Read the full story, published by Dartmouth-Hitchcock News.
A gift of $10 million to Dartmouth-Hitchcock (D-H) will be used to create an advanced clinical facility to provide integrated, patient- and family-centered care for patients with life-threatening illness and complex medical needs.
In addition to health care, the new center is expected to offer unprecedented opportunities for teaching, training, and research for health care providers and clinicians-in-training from across the country. (Photo by Mark Washburn)
The Center for Palliative and Hospice Care will combine the latest thinking and techniques to advance interdisciplinary patient- and family-centered care, while offering unprecedented opportunities for teaching, training, and research for health care providers and clinicians in training from across the country.
The $10 million gift, the largest in D-H’s history, has been made anonymously. It will be used to establish a 12-bed center, intended to fill a growing need for specialized care for seriously ill people whose pain or other medical needs are difficult to manage at home or in a nursing home.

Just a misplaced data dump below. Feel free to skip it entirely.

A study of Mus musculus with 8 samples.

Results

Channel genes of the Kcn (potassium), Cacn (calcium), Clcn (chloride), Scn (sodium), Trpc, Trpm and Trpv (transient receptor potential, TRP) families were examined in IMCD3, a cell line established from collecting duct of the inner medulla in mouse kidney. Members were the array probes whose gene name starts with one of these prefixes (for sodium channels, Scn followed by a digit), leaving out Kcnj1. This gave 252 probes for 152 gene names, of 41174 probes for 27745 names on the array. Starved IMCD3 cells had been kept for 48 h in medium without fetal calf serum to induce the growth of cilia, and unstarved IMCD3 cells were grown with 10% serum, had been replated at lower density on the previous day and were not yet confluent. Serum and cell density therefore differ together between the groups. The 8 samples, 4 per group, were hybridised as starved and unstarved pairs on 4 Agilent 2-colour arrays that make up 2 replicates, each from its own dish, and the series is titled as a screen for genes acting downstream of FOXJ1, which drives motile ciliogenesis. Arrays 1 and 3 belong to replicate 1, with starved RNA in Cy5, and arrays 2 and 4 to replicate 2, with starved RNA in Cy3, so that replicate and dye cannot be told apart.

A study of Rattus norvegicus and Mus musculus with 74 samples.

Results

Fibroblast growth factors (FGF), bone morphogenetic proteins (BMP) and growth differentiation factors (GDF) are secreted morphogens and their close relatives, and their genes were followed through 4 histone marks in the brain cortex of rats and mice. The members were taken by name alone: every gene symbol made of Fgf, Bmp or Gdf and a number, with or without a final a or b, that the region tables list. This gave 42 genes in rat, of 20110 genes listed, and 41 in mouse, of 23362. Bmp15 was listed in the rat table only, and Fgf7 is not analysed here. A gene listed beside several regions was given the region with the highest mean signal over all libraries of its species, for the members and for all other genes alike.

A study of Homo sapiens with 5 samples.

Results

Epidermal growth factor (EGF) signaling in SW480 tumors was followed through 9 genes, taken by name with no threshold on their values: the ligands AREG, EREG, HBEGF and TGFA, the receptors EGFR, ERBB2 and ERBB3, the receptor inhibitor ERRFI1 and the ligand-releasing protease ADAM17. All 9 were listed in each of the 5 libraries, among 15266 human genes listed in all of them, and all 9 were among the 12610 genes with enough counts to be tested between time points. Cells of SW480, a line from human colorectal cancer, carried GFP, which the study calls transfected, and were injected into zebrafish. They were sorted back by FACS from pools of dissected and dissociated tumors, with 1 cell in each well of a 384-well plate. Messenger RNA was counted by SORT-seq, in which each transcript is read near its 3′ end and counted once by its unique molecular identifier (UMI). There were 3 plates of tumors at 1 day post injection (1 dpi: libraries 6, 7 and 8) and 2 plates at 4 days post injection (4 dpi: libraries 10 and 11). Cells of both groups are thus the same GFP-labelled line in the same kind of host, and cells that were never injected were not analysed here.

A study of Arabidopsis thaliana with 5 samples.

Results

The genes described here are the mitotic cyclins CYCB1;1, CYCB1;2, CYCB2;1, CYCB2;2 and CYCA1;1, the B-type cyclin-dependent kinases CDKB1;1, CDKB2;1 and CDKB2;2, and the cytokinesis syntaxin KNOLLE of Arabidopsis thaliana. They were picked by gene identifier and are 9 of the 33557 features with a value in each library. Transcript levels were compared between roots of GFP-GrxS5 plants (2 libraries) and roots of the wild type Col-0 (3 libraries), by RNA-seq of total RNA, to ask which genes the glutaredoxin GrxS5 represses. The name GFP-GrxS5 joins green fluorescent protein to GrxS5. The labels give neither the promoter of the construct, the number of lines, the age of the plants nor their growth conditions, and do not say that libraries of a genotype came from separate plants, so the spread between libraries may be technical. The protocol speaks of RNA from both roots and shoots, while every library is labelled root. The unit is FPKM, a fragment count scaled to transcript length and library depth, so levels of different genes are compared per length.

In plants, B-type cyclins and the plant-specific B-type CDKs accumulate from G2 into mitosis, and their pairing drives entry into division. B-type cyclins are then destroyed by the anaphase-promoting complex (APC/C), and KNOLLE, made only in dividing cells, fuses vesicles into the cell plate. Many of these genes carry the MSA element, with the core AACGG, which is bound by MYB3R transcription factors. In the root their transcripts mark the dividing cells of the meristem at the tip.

“Although great advances in palliative and hospice care have been made in the last decade, too many people are still dying in ways they would not want, often in intensive care units, connected to machines,” said D-H CEO and President James N. Weinstein. “At Dartmouth-Hitchcock, with our colleague Dr. Ira Byock leading the way, we have built an internationally respected palliative care program. This incredibly generous gift will allow us to further advance this work within a dedicated facility where we will be able to better address the physical comfort, emotional and spiritual well-being, and inherent dignity of each patient and his or her family.”